Englewood students stage `Hello Dolly'


The cheerful tale of Dolly Levi, based on Thornton Wilder's “The Matchmaker,” won 10 Tony Awards when it debuted on Broadway in 1964 and became the signature role for Carol Channing, who toured with it for years.

Senior Noelle Flores will portray Dolly in this production, with Scott Neff as Horace Vandergelder, the man she's targeted for herself.

She also tries to help along the romances of several other couples: Isaiah Harris is young Cornelius Hackl; Micah Scott plays Irene Molloy. Eric West is Barnaby Tucker and Kyrie Schroeder is his sweetie, Minnie Fay.

The ensemble numbers more than 20 additional singers and dancers, who are working with choreographer Jen Edwards, vocal director Garyn Saddler-Bello (it's her 15th musical at EHS) and band director Phil Emery, for whom this is a new experience.

Much of the action takes place in a big city restaurant, which includes a corps of nimble-footed waiters. Dolly and Horace and the two younger couples end up there—there are problems with the latter over how to pay for the meal …. The young men are awestruck by New York.

Stagecraft teacher Frank Stanek has built a 6-foot-high staircase for the set so Dolly can make her grand entrance to the title song, “Hello Dolly,” and there will be the hat-shop run by Irene Molloy.

“It's a young, inexperienced group, so we'll keep it simple so it will look cool,” Carlson said. Seventeen of the cast members are freshmen or younger (six are from Englewood Leadership Academy, which is housed in the building.)

Director Carlson has done lighting for four years at EHS and summer musicals since 1996. It's his 24th show in this auditorium. “The last time anyone other than Bill Ambron directed a musical here, I was 18 months old,” he said. (The legendary Jack Fisher came before Ambron.) “In the '80s, students came to EHS for theater training.

“I have to be my own person. I can't fill those shoes.”

He was hired by principal John Ford to begin rebuilding the theater department and has been teaching theater with another teacher this year. He is focused on convincing the kids they can have a high-caliber show, and hopes for more registrations next year and additional classes.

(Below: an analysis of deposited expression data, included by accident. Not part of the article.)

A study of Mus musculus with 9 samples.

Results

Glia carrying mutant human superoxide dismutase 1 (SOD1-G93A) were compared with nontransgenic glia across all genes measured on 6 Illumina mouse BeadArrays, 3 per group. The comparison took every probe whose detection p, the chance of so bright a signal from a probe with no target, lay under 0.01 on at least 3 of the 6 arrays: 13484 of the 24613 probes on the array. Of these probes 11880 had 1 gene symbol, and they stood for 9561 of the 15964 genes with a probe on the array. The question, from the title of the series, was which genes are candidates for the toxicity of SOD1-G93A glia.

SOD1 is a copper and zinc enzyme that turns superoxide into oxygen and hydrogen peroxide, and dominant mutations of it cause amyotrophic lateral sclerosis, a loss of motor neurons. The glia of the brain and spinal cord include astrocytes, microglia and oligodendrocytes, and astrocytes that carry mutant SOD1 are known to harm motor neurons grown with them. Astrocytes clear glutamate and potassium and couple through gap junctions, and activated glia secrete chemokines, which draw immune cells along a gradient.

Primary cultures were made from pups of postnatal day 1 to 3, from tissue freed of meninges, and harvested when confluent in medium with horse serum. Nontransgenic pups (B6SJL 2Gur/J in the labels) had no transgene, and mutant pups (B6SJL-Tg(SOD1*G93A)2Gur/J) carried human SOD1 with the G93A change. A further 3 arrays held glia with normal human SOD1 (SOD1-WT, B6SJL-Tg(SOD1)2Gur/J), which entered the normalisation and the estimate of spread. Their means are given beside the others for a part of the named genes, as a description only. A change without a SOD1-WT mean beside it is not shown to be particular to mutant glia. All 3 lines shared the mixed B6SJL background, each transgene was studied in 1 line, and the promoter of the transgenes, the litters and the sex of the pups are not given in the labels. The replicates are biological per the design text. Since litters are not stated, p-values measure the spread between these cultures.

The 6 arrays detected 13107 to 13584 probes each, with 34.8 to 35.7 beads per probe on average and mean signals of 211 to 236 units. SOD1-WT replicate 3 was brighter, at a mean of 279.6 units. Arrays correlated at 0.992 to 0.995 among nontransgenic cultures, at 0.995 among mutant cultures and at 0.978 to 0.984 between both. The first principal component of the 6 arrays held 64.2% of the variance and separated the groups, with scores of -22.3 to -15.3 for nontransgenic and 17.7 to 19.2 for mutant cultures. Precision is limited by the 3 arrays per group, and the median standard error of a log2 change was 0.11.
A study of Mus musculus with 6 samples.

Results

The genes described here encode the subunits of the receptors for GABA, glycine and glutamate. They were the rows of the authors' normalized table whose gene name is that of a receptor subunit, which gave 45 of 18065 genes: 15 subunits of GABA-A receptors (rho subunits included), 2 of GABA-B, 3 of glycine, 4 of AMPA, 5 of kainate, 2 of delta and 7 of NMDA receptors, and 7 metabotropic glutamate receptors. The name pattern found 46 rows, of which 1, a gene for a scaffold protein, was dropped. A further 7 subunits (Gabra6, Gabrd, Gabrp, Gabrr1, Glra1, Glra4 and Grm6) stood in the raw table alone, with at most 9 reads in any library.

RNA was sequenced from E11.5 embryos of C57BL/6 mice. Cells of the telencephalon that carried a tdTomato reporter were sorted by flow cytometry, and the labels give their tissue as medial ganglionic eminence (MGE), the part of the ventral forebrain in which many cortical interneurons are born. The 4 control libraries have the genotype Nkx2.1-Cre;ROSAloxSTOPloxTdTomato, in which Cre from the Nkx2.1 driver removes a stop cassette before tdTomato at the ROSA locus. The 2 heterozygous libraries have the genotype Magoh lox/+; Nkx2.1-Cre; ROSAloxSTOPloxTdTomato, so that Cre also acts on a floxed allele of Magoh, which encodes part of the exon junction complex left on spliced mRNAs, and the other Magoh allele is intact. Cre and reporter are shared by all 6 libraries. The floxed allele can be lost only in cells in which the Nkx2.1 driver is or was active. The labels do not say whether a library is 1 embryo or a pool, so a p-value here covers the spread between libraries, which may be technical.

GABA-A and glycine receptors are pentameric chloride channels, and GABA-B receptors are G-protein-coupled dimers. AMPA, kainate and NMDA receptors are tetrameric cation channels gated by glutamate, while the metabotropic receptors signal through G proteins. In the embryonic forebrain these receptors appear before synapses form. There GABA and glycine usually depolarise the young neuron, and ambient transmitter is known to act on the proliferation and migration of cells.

“It's a challenge to get uninvolved kids to come see it … Growing pains are hard, but hopefully things will get better …”

BREAKOUT BOX

School renovations

Englewood High School's theater shell will be kept, but renovations will include new seats, carpeting, curtains and lighting system. (“Lights that work and won't catch on fire!”)

Theater instructor Dan Carlson says the new dressing rooms will be ADA-accessible and there will be a ramp to the stage so it will also be accessible — and easier for the band to move instruments onto the stage when it's performing.

Seniors are bummed that they won't get to enjoy the new school, but younger students are excited.

Target date for moving into Phase I of the new school is December, when high school students and Englewood Leadership Academy will move. Then Phase II, the actual high school space, will be built with a target date of January 2015 for completion. At that point, middle school students will also be on this campus.

If you go

Englewood High School is at 3900 S. Logan St. Performances are at 7 p.m. on March 8 and 9. Tickets for “Hello Dolly” cost $7/$5 at the door; $6/$4 in advance. The reservation line is 303-806-7075.